Friday, December 14, 2007

Ex-Dividend Date

Why are there so many different dates associated with dividends? Most companies that pay dividends do so every 3 months on a fixed schedule. They don’t have to do it this way, but shareholders like predictability, and companies want to keep their shareholders happy.

You might think that the only important date is when you get your dividend money, but you would do well to understand a few more dates, the most important one being the ex-dividend date.

Declaration Date. Just because a company has paid its dividend every 3 months for years, and they are highly motivated to keep the shareholders happy by continuing to pay dividends, there are no guarantees. On the declaration date, the company announces whether it will pay a dividend and whether there will be any change to the dividend amount.

Ex-Dividend Date. When buying or selling a stock around the time that the company will be paying a dividend, you may wonder who will get the dividend, the old owner or the new owner. The ex-dividend date is the first day that a stock trades without the current dividend payment. Suppose that the ex-dividend date lands on a Tuesday. Then for stock trades on Monday, the buyer will get the dividend, and for stock trades on Tuesday or later, the seller will retain the dividend. In theory, the stock price should drop by the amount of the dividend between close of trading on Monday and opening of trading on Tuesday. In practice, stock prices are not that predictable.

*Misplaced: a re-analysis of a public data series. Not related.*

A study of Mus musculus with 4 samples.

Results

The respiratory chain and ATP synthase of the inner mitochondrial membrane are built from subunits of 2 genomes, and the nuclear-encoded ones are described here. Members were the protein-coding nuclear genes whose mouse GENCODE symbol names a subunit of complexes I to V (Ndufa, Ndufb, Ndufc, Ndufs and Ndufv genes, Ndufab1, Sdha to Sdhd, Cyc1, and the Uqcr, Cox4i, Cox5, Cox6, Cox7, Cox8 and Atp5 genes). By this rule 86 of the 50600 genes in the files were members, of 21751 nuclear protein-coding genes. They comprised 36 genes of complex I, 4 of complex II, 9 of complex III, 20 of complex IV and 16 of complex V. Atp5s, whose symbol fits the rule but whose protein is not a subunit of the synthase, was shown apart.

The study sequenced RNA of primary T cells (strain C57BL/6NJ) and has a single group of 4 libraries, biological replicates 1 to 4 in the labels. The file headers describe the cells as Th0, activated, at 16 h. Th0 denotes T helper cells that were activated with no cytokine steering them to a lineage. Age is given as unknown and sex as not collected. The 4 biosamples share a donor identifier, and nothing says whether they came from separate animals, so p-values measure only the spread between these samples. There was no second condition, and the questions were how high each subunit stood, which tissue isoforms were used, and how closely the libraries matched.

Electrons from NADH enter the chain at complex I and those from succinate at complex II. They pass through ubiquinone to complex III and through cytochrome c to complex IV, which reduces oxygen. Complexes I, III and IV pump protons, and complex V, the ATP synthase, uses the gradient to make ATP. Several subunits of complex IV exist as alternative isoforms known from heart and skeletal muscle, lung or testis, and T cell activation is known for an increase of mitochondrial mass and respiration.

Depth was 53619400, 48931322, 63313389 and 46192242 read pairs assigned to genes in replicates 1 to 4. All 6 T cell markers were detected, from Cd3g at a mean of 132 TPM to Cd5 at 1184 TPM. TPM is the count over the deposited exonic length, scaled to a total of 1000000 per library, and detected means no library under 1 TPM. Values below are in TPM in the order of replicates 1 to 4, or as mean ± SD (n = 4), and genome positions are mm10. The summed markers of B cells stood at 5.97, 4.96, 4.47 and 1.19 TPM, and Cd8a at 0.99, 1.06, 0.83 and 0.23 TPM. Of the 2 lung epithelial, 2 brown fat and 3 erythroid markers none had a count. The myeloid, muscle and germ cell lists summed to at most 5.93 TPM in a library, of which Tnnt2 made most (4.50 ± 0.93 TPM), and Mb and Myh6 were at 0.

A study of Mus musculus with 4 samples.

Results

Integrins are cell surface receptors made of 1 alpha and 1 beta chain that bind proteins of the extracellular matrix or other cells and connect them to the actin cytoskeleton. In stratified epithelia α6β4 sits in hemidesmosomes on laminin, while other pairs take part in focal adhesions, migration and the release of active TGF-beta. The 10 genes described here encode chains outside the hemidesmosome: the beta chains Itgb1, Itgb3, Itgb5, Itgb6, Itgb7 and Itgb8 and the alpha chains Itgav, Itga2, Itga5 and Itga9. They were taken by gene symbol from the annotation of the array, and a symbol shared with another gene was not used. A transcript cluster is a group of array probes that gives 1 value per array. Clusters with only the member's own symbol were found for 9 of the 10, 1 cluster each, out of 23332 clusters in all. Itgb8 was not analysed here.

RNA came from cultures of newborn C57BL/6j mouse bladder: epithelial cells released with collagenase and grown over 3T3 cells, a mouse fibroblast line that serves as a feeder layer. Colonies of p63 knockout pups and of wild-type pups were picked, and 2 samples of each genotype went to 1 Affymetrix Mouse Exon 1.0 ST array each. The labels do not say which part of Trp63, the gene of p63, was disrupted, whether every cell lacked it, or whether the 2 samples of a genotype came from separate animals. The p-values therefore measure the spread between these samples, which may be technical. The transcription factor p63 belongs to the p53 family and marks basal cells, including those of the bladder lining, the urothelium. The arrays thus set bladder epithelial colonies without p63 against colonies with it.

Record Date. The records of who owns stock in the company on this date are used to determine who gets the dividends. You might think that this would be the day before the ex-dividend date, but this isn’t the case. When you make a stock trade, the trade isn’t finalized until 3 business days later. Going back to the example where the ex-dividend date falls on a Tuesday, the last day where buyers get the dividend is Monday, but the Monday trades won’t be finalized until Thursday. So, the record date is Thursday, two business days after the ex-dividend date.

Payment Date. The payment date is the date when the company sends out the dividends, and shareholders should get their money a few days later.

While you hold a stock, the important things related to dividends are the payment amount and when you get your money. When it comes to buying or selling a dividend-paying stock, you need to pay attention to the ex-dividend date to know which dividend payments you will receive.